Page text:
Dear Robbie Williams
The singer talked to George Michael before saying 'take that' to the band of the Nineties. He might have done better to consult Andrew Ridgeley
Wednesday 19 July 1995
No one knows at this stage the dirty details of your abrupt departure from the most successful British band of the Nineties. Not even your dad, who's been begging, via the media, for you to call. Even we cynics - who groaned despairingly at Take That's arrival, as yet more teenybop fodder, in 1992 touting "It Only Takes a Minute" - are fascinated.
Seeing as you've notched up a record six singles that roared straight into No 1, it's hardly surprising. Respect is due. The big, ugly truth, if it ever emerges, will be devoured like hot crumpets.
Maybe when the band sat down at a meeting recently to plan meticulously 12 months of world tours and smash singles, you felt a bit out of it. You don't write songs or play an instrument, after all. You do important things, like smile a lot and pull your trousers down for the cameras. The songwriter, Gary Barlow, gets the respect and the serious money.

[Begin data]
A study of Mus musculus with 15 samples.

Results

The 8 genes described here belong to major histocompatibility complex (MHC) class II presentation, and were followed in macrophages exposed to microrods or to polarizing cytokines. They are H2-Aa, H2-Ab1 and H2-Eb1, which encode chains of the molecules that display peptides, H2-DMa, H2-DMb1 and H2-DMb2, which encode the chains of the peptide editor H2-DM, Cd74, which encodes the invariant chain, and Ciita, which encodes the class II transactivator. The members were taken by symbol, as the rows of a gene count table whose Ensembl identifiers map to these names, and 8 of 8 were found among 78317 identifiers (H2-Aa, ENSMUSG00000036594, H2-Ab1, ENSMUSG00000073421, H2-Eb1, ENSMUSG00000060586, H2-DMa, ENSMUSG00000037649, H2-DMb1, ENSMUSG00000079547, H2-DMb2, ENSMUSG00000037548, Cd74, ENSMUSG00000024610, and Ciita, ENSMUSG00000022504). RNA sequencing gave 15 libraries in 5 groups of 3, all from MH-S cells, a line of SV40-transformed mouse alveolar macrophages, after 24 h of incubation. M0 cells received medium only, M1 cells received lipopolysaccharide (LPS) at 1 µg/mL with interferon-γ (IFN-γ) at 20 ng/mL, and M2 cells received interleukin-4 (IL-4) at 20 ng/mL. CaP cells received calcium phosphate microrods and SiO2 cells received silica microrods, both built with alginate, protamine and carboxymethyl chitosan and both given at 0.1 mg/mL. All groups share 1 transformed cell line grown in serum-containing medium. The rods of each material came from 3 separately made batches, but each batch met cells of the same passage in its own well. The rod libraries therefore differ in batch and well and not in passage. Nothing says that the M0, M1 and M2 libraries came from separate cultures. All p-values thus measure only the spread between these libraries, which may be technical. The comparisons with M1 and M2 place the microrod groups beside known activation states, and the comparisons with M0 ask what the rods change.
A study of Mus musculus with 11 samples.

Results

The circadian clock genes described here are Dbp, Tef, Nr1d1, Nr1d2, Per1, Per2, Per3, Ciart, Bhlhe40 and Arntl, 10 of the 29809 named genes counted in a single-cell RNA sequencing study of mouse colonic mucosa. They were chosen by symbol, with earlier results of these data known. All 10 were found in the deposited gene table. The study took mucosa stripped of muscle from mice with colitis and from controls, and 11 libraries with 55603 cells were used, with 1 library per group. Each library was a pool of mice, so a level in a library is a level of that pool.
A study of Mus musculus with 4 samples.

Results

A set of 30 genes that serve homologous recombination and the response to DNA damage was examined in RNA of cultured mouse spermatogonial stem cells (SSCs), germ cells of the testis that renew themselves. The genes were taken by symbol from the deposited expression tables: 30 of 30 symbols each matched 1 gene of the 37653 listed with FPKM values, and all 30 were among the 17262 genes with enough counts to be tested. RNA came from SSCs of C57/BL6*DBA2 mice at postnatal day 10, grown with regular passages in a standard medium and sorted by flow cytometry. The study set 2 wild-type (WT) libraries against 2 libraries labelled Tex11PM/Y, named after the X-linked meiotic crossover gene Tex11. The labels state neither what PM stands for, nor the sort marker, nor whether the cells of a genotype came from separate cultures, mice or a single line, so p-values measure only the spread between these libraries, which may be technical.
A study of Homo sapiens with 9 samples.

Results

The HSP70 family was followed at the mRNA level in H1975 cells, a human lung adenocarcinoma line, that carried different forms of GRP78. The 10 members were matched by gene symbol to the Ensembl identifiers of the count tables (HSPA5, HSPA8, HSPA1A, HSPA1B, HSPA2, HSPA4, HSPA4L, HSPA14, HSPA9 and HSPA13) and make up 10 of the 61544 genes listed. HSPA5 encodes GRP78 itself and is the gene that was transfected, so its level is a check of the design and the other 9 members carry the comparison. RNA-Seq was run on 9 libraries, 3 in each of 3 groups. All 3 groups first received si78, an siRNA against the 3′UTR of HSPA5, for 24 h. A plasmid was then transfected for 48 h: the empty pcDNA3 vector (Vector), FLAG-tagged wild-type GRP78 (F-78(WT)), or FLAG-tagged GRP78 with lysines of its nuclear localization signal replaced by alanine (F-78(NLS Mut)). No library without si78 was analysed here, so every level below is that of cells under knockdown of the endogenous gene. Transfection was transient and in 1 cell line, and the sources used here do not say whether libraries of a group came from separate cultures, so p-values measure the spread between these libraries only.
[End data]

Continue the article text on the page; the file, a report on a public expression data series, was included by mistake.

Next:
Now what does the future hold for you, a mere 21-year-old? Ladbrokes the bookies paint an optimistic picture. The odds are 8-1 on you being No 1 by Christmas. Take That are 3-1, by the way.
Robbie dear, it's important that you face reality. Matt and Luke Goss, latter-day peroxide wunderkids of Bros, can't give their solo stuff away. They are bloody embarrassing. The lust-laden screams soon fade and commercial viability plummets quickly.
You asked George Michael for advice, but George is a true pop genius. You should remember Andrew Ridgeley.
Longing for time off, a holiday? Man, don't even think about it. A single out by October is pretty essential, no matter what the quality. A cover version? Excellent!
As for the wrist-wringing platitudes from the Take That camp about never wanting to replace you, the door being open for your return, etc - ha, ha, ha. It would never work. Now you have to see the damn thing through for better or (more likely) worse. With your sleek professional wiles, if it all goes wrong, you could always go back to being a double-glazing salesman.